Editorial: What we should expect from our future president?

Editorial Board

Case Western Reserve University has been buzzing with the news of President Snyder’s resignation. The administration quickly assembled the Presidential Search Advisory Committee, a collection of professors, administrators and a few students who will identify important characteristics for our next president. The actual searching and hiring process will be conducted by a third-party company, Spencer Stuart, who has previously been responsible for finding administrators. 

In light of the impending search for a new president, we would like to present a list of our own expectations.

Barbara Snyder made important initiatives in her time as president, but now we have the opportunity to raise our expectations of the administration and university. Among these issues is aggressively addressing climate change, assessing top-down leadership, expecting the same of faculty as they do of students and reviewing salaries and priorities overall. 

As mentioned last week in Jason Richard’s article, the Search Advisory Committee fails to represent anyone from the Office of Sustainability or a like-minded organization. While we can hope that everyone on the committee is acting in the interest of the planet and pursuing improved sustainability initiatives, it is understandable how these matters may fall through the cracks of pressing issues. Our next president must have an aggressive plan on how we, as a preeminent research institute and university, will act to reduce our carbon footprint and overall impact on the environment. 

In 2011, Barbara Snyder pledged to set CWRU on a path of carbon-neutrality by 2050. While this may read as a lofty and inspiring goal, it’s not. The reality of this existential crisis is that we, like other organizations, must be immediately reducing our carbon emissions to be neutral by 2030. Our next president must enforce strict goals of reducing emissions, increasing our dependence on renewable resources over non-renewable ones, demanding endowment divestment from oil and gas corporations and leading from the top down on how we can all be living more sustainable lives.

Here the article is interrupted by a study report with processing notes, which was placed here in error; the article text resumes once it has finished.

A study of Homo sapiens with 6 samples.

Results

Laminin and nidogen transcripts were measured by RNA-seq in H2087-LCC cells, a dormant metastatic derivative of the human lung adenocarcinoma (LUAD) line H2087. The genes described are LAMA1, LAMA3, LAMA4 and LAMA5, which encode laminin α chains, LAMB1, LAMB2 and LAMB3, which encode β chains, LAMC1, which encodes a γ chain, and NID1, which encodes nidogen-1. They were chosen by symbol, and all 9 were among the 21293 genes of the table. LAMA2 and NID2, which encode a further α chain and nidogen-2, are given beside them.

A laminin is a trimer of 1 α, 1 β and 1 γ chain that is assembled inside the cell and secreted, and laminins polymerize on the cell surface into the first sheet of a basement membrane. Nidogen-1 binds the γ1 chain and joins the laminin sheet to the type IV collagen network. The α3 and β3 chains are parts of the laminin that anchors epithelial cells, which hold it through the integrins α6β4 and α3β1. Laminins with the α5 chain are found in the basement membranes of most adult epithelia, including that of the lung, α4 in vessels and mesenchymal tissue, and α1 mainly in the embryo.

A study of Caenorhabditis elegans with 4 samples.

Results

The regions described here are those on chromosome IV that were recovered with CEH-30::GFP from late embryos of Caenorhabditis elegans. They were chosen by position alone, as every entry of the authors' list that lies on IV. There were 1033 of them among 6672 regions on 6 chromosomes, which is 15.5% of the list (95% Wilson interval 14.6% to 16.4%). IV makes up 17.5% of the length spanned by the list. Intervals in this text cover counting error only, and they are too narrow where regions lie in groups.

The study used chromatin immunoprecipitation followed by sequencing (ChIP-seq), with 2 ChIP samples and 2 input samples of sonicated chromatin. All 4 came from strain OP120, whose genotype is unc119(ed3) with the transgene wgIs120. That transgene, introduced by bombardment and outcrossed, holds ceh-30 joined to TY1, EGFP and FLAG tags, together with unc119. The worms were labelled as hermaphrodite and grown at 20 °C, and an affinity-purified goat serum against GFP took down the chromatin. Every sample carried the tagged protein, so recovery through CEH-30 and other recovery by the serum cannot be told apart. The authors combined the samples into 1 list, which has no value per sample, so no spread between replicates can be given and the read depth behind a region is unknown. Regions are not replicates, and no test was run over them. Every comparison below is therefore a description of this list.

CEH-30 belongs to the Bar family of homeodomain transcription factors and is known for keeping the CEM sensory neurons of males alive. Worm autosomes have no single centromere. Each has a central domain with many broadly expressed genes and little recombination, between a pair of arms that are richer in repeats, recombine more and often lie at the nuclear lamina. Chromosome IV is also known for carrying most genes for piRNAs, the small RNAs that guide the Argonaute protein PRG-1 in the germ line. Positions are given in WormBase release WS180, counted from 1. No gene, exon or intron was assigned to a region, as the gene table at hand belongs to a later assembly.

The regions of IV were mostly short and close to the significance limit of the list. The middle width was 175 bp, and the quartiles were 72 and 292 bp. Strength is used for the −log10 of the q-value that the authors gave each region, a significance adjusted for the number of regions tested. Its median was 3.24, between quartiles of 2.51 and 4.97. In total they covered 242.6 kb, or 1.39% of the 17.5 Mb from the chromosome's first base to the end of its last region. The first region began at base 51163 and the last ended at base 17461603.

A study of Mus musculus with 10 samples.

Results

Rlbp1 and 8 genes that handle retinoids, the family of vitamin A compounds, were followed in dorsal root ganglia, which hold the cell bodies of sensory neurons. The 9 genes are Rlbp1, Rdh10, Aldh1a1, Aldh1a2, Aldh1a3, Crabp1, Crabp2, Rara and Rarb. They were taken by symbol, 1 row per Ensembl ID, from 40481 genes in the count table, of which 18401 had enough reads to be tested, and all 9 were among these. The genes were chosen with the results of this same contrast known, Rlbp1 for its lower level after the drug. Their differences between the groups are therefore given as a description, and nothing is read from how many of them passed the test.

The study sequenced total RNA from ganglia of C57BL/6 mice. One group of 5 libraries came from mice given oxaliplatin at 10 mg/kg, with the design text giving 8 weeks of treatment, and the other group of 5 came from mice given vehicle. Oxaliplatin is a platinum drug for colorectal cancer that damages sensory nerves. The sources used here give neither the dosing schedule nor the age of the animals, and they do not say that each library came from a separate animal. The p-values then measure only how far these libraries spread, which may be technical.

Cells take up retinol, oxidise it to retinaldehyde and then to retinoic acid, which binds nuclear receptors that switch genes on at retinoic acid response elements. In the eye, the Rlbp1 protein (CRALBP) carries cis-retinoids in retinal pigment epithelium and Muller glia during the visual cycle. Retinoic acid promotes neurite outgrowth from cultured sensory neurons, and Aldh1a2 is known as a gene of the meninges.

Top-down leadership can be very effective at inspiring other people to take up a more sustainable lifestyle. For instance, as an integral part of the University Circle community, what are we doing to encourage transit infrastructure and use? While each student pays for a discounted RTA pass as part of semester expenses, there seems to be reluctance among some to use the train and bus systems. A president should lead by example by relying on the transit system to get to work every day, or choose to live in a community within walking or biking distance. To do so may break the unfortunate stereotype that bus and train systems, especially in Cleveland, are only for the working class. We need a president who will not only lead our university, but also show compassion, diligence and initiative in their individual life. 

Another way that our future president could show a desire to respect the roles of all staff, faculty and students on campus is through their salary. Barbara Snyder is ranked as one of the top-paid university presidents in the country, with a 2017 compensation of $2,021,313 in base, bonus and “other” pay. Her total pay is higher than presidents at Harvard, Yale, University of Chicago, Stanford, and Brown. No one, certainly no one in a non-profit academic institute, is “worth” that salary. Especially as across campus dining staff working for Bon Appetit make $11.39 per hour, a wage just livable for one adult. Snyder’s successor would do well to prioritize the value of all university workers. Leading by example, they could suggest a lower, more reasonable salary in order to better those of other workers. 

Finally, the next president should be sure to hold faculty to the same standards as they do students. If the president expects students to be attentive, hard-working and involved, so must the faculty. Faculty should no longer be able to prioritize their research over teaching classes—a majority of students should not learn primarily by themselves. 

There is certainly excitement and optimism as we turn over a new leaf as a university. While our involvement in choosing Snyder’s successor is limited, it is important we air our concerns and ensure the academic, social and environmental issues plaguing us today are rightfully addressed in CWRU’s next chapter.